SENDAI – A groundbreaking ceremony for a public housing project was held on Wednesday in the city of Natori, Miyagi Prefecture, to accommodate local residents displaced by the March 2011 Great East Japan Earthquake and tsunami.
The project will consist of 42 houses, scheduled to be built by the end of March 2015, and an apartment building designed to accommodate 50 families, scheduled for completion in July 2015.
The project is the first such initiative in the area, which was one of the worst-hit in the disaster. More than 900 Natori residents lost their lives or remain missing.
“I hope we’ll be able to enable the residents to leave temporary housing as soon as possible and provide them with safe and comfortable accommodation,” said Natori Mayor Isoo Sasaki.
The city’s Shimomasuda district, where the complex will be built, is about three kilometers from the coast. The complex will cover an area of about 65,000 square meters. The area, which used to be rice paddies before the 2011 earthquake, was raised two meters to prevent flooding by tsunami.
“Finally we’ve managed to get this project started,” said 63-year-old Manabu Takahashi, who has been representing the community during negotiations to relocate the residents. “Seeing reconstruction work in progress will give hope to the residents.”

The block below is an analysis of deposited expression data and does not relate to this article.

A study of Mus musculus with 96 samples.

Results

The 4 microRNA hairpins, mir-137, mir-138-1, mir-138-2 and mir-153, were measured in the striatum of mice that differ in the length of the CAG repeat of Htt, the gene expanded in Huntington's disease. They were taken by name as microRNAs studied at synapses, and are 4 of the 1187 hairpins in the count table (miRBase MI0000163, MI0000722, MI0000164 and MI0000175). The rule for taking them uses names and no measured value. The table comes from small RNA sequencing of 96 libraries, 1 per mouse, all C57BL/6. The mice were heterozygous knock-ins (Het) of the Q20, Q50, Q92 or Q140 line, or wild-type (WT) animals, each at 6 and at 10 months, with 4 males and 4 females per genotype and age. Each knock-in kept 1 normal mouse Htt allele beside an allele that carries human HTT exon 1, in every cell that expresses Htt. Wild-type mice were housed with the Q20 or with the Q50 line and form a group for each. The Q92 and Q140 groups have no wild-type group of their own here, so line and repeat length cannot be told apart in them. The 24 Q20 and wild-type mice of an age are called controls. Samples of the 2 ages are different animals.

Private property owners have also begun to rebuild, with 70 houses scheduled for completion by September.
Meanwhile, for the first time since the catastrophic failure at the Fukushima No. 1 nuclear power plant in March 2011, lisianthus flowers grown within Fukushima Prefecture’s evacuation zone went on sale Wednesday in Tokyo.
The flowers were grown by Yoichi Kanno, 62, from Kawamata, a town southeast of Fukushima city, and were sold at the Ota Wholesale Market in Tokyo’s Ota Ward.
The Yamakiya district, where the flowers were farmed and where Kanno had lived before the disaster, has been designated as an evacuation zone.
Kanno and other flower farmers in Fukushima have continued to grow the flowers in greenhouses within the evacuation zone. While living outside of the zone, they commute in to care for the flowers during designated daytime hours.
This year they resumed growing lisanthius to sell, after flowers grown for testing last year were found to contain no radioactive elements.
“It’s a huge step forward,” Kanno said with a smile. “I believe that if we increase flower production, we may contribute to the reconstruction of the Yamakiya district.”
Some 500 cut flowers, shipped from Yamakiya for the first time in four years, were sold out by noon.
Omorikaki, one of the biggest wholesalers of cut flowers in Japan, purchased pink and violet lisianthus from Kanno and added the flowers to the stock at its stands.
Kanno, meanwhile, said that, compared to previous prices, this year’s flowers sold for about 20 percent less.
“To be honest, I was hoping to sell them at a higher price, but I still feel they are popular,” he said.